Sunday, 8 February 2009

Joan of Arc x 2. . .

Cinematheque Ontario is presenting yet another fascinating series of films this spring - I'm basically camping out there for the next few months. One of their themed offerings is a look at six very different films about Joan of Arc. I decided that three was about my limit for watching the maid burn and I've now seen the first two - both rare cinematic treats. First up last night was Carl Theodor Dreyer's 1928 The Passion of Joan of Arc. Focusing on the end of Joan's trial and her death, this movie is a stunning example of the power of black and white films and why even a large tv can never replace the effect of the big screen in a darkened theatre. Dreyer zooms in on stark close-ups for most of the film with the faces completely dominating the screen against mostly a white or gray background. It's an astonishingly work of visual power - even scary at times. Every tear that slowly coursed down Maria Falconetti's face was riveting. This film also takes an extremely bleak look at death, from shots of maggots squirming in the empty eyesockets of a skull to the slowly blackening form of Joan dying on the stake. A special treat for this silent film screening was its live accompaniment by pianist William O'Meara. While I've certainly watched silent films on DVD from my couch (a favourite is Pabst's 1929 Pandora's Box with the enchanting Louise Brooks - the Criterion DVD allows you to choose from four different scores to accompany the film), this was the first time experiencing a silent film the way they were originally conceived in the cinemas. I was in awe of O'Meara - not only for being able to play non-stop for 80 minutes, but to completely react to the various moods and timing of the film. I think I now need to get the DVD, which has a different musical accompaniment - an opera entitled Voices of Light, composed by Richard Einhorn who was inspired by the film. It will be interesting to compare an orchestrated and multi-vocal musical score with the piano that I heard, though I think in some ways, one piano seems more appropiate for the camera's singular focus on mostly one character at a time. This was a wonderful, unique experience and I'm so grateful to Cinematheque for screening this film as it was meant to be seen.

It was back to the theatre this afternoon for a Hollywood treatment of Joan - Otto Preminger's 1957 Saint Joan, starring Jean Seberg in her first movie role, Richard Widmark (who I kept thinking bears an uncanny resemblance to Ed Harris or vice versa), and John Gielgud. This is based on the play by George Bernard Shaw. I've seen it on stage at the Shaw Festival and it's one that I like very much mostly because of the epilogue where all the main characters re-unite as ghosts some years later. It always makes me laugh at the brush-off given to Joan by the men. The screenplay was written by none other than Graham Greene who effectively starts and ends the film with parts of this epilogue. He also gives Gielgud an absurdly ridiculous bit of dialogue (something along the lines of how heaven and hell are like Oxford and Cambridge - they don't mix well) -and Gielgud delivers it so straightfacedly, one can't help but giggle. One doesn't often picture Joan of Arc as a woman with a fetching beauty spot on her cheekbone, but Seberg is so earnest and charming in many of her earlier scenes and so defeatedly haggard and hollow-eyed during her trial, that in the context of Shaw/Greene's character, I think she was a perfect casting choice.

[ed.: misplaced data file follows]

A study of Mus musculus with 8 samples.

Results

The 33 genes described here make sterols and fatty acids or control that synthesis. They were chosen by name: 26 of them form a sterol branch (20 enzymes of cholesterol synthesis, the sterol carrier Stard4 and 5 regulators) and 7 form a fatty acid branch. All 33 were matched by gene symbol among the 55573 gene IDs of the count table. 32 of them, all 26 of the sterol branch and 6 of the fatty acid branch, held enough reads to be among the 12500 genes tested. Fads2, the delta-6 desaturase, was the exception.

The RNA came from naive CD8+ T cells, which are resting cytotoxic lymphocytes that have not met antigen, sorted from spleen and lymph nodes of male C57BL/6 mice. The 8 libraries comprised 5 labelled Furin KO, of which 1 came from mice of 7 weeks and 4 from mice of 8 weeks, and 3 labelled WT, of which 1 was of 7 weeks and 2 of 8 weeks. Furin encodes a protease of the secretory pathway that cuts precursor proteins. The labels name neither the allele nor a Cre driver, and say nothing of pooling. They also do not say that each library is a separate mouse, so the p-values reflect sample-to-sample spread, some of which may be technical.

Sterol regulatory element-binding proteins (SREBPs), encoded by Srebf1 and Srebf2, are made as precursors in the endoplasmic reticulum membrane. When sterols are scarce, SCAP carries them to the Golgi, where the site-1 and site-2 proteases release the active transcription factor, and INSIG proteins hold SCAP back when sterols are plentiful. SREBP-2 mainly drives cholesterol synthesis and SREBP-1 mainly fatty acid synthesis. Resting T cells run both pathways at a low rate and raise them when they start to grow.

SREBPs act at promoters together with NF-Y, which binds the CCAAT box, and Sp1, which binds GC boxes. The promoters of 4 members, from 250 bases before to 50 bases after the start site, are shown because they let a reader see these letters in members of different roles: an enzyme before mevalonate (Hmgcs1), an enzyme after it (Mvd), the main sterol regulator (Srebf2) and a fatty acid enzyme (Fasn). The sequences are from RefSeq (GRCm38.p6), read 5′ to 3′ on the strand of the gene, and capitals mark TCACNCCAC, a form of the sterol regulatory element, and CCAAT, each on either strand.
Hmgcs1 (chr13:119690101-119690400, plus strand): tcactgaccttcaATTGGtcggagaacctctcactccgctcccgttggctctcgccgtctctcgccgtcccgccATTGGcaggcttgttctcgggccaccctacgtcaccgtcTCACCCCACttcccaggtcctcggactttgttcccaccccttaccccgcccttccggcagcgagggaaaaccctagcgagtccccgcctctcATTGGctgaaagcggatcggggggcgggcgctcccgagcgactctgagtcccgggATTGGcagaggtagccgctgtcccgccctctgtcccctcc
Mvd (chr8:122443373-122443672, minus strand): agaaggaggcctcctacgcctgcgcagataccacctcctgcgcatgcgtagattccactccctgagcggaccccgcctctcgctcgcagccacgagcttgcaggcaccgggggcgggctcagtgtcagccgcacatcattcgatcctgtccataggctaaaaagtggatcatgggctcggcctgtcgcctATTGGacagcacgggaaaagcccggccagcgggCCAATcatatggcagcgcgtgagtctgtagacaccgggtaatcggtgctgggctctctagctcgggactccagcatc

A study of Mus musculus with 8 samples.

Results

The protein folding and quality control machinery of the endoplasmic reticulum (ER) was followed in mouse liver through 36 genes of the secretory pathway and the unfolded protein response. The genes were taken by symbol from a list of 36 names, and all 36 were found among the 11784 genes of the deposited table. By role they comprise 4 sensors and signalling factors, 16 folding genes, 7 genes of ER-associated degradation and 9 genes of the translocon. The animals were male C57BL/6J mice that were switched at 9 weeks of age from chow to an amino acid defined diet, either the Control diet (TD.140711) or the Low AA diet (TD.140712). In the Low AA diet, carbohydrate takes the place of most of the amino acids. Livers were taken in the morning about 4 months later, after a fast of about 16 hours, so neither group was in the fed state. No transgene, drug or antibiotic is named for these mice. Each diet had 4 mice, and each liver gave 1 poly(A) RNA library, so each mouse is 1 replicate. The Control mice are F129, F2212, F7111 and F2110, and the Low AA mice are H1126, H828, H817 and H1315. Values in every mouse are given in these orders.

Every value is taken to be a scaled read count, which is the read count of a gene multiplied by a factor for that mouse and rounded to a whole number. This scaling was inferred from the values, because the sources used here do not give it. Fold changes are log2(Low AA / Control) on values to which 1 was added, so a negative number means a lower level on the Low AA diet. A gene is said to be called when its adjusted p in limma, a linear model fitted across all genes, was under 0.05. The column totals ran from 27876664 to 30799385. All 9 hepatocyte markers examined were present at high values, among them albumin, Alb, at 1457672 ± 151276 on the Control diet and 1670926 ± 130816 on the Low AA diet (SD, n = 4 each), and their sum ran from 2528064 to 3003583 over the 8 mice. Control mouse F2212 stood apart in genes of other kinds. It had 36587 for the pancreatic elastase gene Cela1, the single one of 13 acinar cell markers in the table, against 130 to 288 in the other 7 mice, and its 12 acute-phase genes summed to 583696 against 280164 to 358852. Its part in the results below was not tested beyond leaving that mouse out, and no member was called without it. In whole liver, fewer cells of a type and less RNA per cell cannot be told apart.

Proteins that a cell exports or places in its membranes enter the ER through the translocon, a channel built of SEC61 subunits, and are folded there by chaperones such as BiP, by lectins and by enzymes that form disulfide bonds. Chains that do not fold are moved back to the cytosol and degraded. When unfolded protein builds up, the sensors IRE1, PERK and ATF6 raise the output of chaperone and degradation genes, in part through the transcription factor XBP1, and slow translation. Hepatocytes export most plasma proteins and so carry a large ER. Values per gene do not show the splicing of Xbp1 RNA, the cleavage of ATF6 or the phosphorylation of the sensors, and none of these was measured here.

These were two completely different films in tone, focus and technique and yet I very much enjoyed them both. We'll see how Ingrid Bergman fares next week in Victor Fleming's 1948 Joan of Arc. The film won an Oscar for Best Cinematography - it's in colour - and I'm curious to see how it will differ emotionally and artistically from these two black and white films.
I think I also need to dig out my copy of Marina Warner's book Joan of Arc: The Image of Female Heroism, which looks at Joan's constantly changing image over the centuries.